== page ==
By Craig Lewis
Buddhistdoor Global | 16 febuary 2016
Denmark’s prestigious University of Copenhagen last week closed its department of Tibetan Studies, dismissing the department’s staff and leaving 12 enrolled students without a course of study after a Danish government decision to cut funding to education and research.
The institute’s University Post newspaper quoted associate professor Jan-Ulrich Sobisch as saying that the university’s decision came at the cost of “1,200 years of mind science.” Sobisch lost his job last Tuesday as part of the move.
“What we are going to miss here is scholars and meditators who have studied the conditions of suffering and relief from suffering for 1,200 years. There are few traditions from this time that are still alive in our time, and this, the Tibetan tradition, is one of them,” he said. (University Post)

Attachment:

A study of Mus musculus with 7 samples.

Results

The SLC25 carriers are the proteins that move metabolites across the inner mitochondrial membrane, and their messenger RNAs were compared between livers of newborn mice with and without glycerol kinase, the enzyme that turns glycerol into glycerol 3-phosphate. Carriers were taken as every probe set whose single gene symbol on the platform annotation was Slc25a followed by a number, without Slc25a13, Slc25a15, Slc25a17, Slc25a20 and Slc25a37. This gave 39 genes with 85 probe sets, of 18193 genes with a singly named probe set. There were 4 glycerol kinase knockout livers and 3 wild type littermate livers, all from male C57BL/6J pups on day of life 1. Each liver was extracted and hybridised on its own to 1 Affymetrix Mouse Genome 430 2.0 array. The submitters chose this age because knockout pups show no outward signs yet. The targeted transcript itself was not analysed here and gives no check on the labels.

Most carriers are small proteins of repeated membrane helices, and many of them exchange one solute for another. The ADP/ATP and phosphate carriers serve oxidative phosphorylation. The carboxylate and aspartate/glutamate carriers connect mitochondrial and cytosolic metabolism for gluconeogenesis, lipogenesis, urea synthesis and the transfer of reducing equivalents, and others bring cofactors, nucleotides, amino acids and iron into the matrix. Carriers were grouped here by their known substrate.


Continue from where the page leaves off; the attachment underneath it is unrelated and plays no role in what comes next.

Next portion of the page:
Earlier this month, the University Post reported that the university would lay off more than 209 members of staff after it was required to reduce costs by DKK300 million (US$44.9 million), with a further 255 opting to leave voluntarily.
Sobisch observed that the decision would represent a loss for Denmark. “Danish research of Indo-Tibetan cultures began in the 1820s, when King Frederik VI sent Rasmus Rask (1787–1832) to India to study Sanskrit. Rask brought back the first Buddhist manuscripts that would become the foundation stone of the now world famous collection of Buddhist manuscripts of the Royal Library,” he noted, adding, “Tibet inherited many things from India, but with this they formed something of their own. In the 11th and 12th centuries they had more books than in all the universities in Europe combined.” (University Post)
The University Post article suggests that Tibet’s political status may have had a bearing on the decision to close the department, with Tibetan Studies not being referable to “a country” and Tibet not being engaged with Denmark in trade.